Tuesday, November 08, 2005

Election Day--VOTE!

Today, Tuesday, November 8, 2005, affords citizens in many parts of the nation an opportunity to go to the polls and express their opinions on candidates, local issues and state constitutional matters.

Whether we stop to consider it or not, election days are always special.

The freedom we enjoy in the United States to shape our collective life should not be taken lightly.

Yet, I fear that the current state of affairs discourages us from participating fully in the democratic process. A number of factors will combine to keep the majority of us away from the polls today.

Cynicism about the entire process will cause millions of potential voters to sit out the election. Watching the evolution of the role of big money in the entire process is discouraging for sure.
The notion that no matter what, nothing much changes kicks in at some point.

Still, the power could be vested more properly with the people, if we could begin a movement back to the polls from every corner of every community.

Such a movement must originate with ordinary people like you and me. When it comes to cynicism, we just need to "fight on through," to borrow a phrase from one of my daughters.

Vote today as an act of personal engagement that signals your commitment to joining what must become a people's movement.

Millions of Americans don't pay attention to politics nor to the political process because almost all of their energy goes to just "scraping by." Working more than one job, trying to provide for the kids, keeping the transportation up and running and finding a way to pay the bills--all of these factors can become overwhelming.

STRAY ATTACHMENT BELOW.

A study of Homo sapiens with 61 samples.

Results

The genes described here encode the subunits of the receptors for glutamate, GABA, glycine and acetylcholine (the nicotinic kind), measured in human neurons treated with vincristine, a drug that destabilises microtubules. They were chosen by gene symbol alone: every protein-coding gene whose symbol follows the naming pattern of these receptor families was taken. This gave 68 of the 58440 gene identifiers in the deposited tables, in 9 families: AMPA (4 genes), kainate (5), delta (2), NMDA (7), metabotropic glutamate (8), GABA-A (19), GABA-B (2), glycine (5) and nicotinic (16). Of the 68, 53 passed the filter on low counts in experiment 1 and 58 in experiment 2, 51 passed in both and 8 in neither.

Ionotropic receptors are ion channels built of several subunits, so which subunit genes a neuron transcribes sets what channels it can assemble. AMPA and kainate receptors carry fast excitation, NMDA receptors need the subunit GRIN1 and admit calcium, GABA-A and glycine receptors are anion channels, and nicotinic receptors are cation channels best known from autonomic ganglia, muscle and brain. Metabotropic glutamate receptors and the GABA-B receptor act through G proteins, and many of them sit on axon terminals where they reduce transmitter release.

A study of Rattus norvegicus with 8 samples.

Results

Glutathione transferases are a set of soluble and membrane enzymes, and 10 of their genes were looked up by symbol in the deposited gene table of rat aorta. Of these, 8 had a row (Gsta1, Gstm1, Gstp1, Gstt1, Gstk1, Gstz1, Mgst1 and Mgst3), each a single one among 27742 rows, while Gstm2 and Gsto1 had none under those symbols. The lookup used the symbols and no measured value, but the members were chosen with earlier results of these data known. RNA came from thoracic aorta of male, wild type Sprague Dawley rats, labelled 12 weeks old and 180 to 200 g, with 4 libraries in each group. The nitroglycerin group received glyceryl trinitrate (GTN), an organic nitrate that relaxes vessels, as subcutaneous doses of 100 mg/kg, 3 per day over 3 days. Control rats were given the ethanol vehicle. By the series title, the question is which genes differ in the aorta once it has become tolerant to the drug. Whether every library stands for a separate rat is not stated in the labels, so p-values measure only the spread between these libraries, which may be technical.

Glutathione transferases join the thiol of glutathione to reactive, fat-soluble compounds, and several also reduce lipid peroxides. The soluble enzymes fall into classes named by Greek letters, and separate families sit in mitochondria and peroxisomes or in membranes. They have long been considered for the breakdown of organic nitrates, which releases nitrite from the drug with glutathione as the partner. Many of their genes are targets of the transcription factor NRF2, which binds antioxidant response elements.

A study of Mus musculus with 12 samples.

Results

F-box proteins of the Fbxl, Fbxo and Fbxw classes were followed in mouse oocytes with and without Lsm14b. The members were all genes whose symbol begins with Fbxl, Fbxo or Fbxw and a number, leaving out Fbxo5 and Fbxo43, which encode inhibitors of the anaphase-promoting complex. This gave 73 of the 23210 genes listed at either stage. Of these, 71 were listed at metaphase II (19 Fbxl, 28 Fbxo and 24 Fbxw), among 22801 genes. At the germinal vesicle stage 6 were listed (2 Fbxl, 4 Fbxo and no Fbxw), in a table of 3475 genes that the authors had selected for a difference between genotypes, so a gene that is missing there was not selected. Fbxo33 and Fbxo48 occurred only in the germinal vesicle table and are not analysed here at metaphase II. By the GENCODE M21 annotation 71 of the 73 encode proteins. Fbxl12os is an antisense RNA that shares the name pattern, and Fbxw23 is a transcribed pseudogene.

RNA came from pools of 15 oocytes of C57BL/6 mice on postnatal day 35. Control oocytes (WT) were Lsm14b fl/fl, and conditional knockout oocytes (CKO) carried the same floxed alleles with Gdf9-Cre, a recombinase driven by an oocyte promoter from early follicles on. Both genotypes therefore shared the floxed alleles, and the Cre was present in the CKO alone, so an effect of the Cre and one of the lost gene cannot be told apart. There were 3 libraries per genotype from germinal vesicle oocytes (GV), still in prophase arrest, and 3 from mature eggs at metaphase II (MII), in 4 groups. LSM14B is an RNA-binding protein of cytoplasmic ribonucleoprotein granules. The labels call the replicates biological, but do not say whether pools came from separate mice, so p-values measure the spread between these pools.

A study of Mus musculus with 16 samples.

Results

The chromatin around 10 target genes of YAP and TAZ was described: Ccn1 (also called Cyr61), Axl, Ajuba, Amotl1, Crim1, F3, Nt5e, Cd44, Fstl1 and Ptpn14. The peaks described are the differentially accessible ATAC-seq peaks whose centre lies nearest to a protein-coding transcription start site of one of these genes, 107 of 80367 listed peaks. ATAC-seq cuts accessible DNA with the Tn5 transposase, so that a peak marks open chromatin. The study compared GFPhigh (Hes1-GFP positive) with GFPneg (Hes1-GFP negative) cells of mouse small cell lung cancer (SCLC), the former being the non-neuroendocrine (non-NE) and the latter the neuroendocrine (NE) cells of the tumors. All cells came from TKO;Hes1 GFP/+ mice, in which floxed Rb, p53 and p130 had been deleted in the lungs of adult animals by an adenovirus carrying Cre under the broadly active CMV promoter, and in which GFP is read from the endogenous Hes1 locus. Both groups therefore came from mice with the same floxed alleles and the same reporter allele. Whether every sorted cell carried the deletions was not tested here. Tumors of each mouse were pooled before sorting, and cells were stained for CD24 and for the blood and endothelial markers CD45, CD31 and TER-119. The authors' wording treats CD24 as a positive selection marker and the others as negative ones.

Again, we need a national campaign that crafts a plan for comprehensive family security for working people that includes a dimension focusing on participatory democracy as a vital component of any plan for family security and uplift.

Millions of Americans don't stay informed. Those of us who care about expanding participation, need to think creatively about voter education.

We need to find culturally engaging ways to make voting a big deal in our communities. Churches, service organizations, non-profit organizations, PTAs, neighborhood groups, crime watch teams and other collections of people need to press for full participation.

Before the election of 2004, I did a detailed analysis of the state district in which I reside.

It is an amazing district. The Gerrymandering process has produced a district that is geographically divided into two sections. One-third of the district is located in the wealthiest section of Dallas County--the Park Cities. The remaining two-thirds is located in Old East Dallas, a much poorer and ethnically diverse community.

What I discovered was the fact that the folks who live in the wealthy 1/3 turn out the vote at between 75 and 95% on a precinct-by-precinct basis on election days.

The residents of the poorer 2/3 turn out between 25-45% of the vote across the district. Even though the lower income section has about twice as many potential voters, the other third of the district historically decides the elections for the entire district.

If democracy is to survive and expand in this century, these trends need to change. Voters in the much less active 2/3 need to step up and get involved for the good of the entire district, city, state and nation.

We need a people's movement. . . back to the polls.

We need to start today!

1 comment:

IBreakCellPhones said...

As far as the gerrymandering (in Congress) goes, I think it would be best to return to the only amendment from the original twelve proposed that hasn't passed yet. It would make the maximum size of a Congressional district 50,000 in population. That way you wouldn't have to lump the Park Cities with East Dallas and so forth.